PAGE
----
Henry VIII and Suleiman the Magnificent were contemporaries that had dramatically different approaches to succession management.  In theory, an English king had one wife whose first-born son would succeed the king. The rulers of the Ottoman empire had harems which included several concubines who could produce heirs.

The modern day business parallels are the organization that designates one successor to its leader versus the organization that nurtures several possible successors and lets the best successor emerge.

Which works better?Portrait of Henry VIII

Henry VIII’s Succession

Henry’s first wife Catherine of Aragon produced no sons – divorced her.  Then second wife Anne Boleyn produced no sons – beheaded her.  Then Jane Seymour did produce a son, but died in childbirth.  And Henry’s next three wives, Anne of Cleves, Catherine Howard, and Catherine Parr produced no children.  Further, none of Henry’s children had children. Henry was succeeded by his son Edward who was succeeded by Mary who was succeeded by Elizabeth who was the last of the Tudor monarchs.  All in, the Tudors held the crown of England from 1485 to 1603 – 118 years.


Suleiman the Magnificent’s Succession

Conversely, one of Suleiman’s eight sons succeeded him. Then that son’s son succeeded him and so on. (Note I’m not talking about the accepted practiceThe sultan of the golden age, Suleiman the Mag... of the new ruler’s killing all his brothers to head off any possible succession disputes.) All in, Suleiman’s relatives ruled the Ottoman Empire from 1299 to 1922 – 623 years.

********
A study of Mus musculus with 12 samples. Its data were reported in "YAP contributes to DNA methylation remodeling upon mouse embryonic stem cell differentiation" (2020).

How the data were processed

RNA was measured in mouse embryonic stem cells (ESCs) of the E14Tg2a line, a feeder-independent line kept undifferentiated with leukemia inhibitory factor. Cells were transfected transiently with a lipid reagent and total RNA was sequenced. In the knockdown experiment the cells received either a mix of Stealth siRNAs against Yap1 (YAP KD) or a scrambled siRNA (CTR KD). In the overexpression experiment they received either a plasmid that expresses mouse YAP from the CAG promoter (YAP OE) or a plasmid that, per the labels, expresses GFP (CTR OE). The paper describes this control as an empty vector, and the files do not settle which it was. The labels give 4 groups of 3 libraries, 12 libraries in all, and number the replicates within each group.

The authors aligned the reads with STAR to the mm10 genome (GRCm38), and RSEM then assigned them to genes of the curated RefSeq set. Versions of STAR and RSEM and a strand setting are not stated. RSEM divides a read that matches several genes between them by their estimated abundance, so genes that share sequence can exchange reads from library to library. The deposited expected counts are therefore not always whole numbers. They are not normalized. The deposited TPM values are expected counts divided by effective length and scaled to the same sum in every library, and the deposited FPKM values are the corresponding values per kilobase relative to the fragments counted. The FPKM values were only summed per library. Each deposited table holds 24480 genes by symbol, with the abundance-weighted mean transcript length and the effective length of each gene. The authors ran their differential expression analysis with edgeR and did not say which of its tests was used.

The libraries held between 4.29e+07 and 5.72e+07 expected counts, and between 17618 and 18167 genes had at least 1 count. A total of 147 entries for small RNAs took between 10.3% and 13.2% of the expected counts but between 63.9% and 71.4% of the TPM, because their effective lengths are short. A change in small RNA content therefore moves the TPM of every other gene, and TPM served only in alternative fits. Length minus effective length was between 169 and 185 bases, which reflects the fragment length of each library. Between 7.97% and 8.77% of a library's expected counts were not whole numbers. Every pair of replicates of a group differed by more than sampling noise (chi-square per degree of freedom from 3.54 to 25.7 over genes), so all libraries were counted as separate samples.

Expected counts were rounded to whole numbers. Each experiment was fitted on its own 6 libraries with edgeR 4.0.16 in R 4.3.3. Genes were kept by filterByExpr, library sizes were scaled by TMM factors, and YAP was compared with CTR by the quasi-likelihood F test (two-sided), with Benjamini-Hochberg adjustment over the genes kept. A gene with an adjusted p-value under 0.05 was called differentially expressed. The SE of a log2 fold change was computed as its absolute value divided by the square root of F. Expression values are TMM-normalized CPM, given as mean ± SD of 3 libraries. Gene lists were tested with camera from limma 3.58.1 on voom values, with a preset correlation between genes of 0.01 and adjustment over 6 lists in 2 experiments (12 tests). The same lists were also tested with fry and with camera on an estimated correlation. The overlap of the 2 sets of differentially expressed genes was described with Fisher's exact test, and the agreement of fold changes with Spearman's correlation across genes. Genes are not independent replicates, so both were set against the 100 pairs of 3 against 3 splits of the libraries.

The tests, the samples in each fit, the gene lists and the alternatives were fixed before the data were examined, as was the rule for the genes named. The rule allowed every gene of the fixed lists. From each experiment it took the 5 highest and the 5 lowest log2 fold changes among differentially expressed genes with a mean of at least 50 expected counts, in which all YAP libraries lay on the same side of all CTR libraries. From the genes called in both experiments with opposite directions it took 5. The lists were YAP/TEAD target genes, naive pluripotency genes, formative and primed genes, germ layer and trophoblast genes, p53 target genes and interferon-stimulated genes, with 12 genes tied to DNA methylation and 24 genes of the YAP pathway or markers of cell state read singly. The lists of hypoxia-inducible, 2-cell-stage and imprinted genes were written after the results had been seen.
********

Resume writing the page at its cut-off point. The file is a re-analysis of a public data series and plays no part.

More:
Harems win.

The implication for business today is that options reduce risk. Locking in on one successor reduces options and opens the organization up to the risk of choosing wrong or something happening to the chosen successor. Keeping more options open longer reduces that risk because the other possible successors are more likely to stay around and more likely to continue to be nurtured for the role.

We’ll address the personal benefits of harems in a later article – particularly now that our understanding of DNA makes male as well as female harems feasible.


Note this is a Leader’s Perspective article, which is different than my normal, regular New Leader’s Playbook articles. Those generally focus on one of the ten steps of The New Leader’s Playbook, drawing on learning from specific leaders (who are not PrimeGenesis clients). My “Leader’s Perspective articles are comments on things I see in working with clients, read about, or hear from others.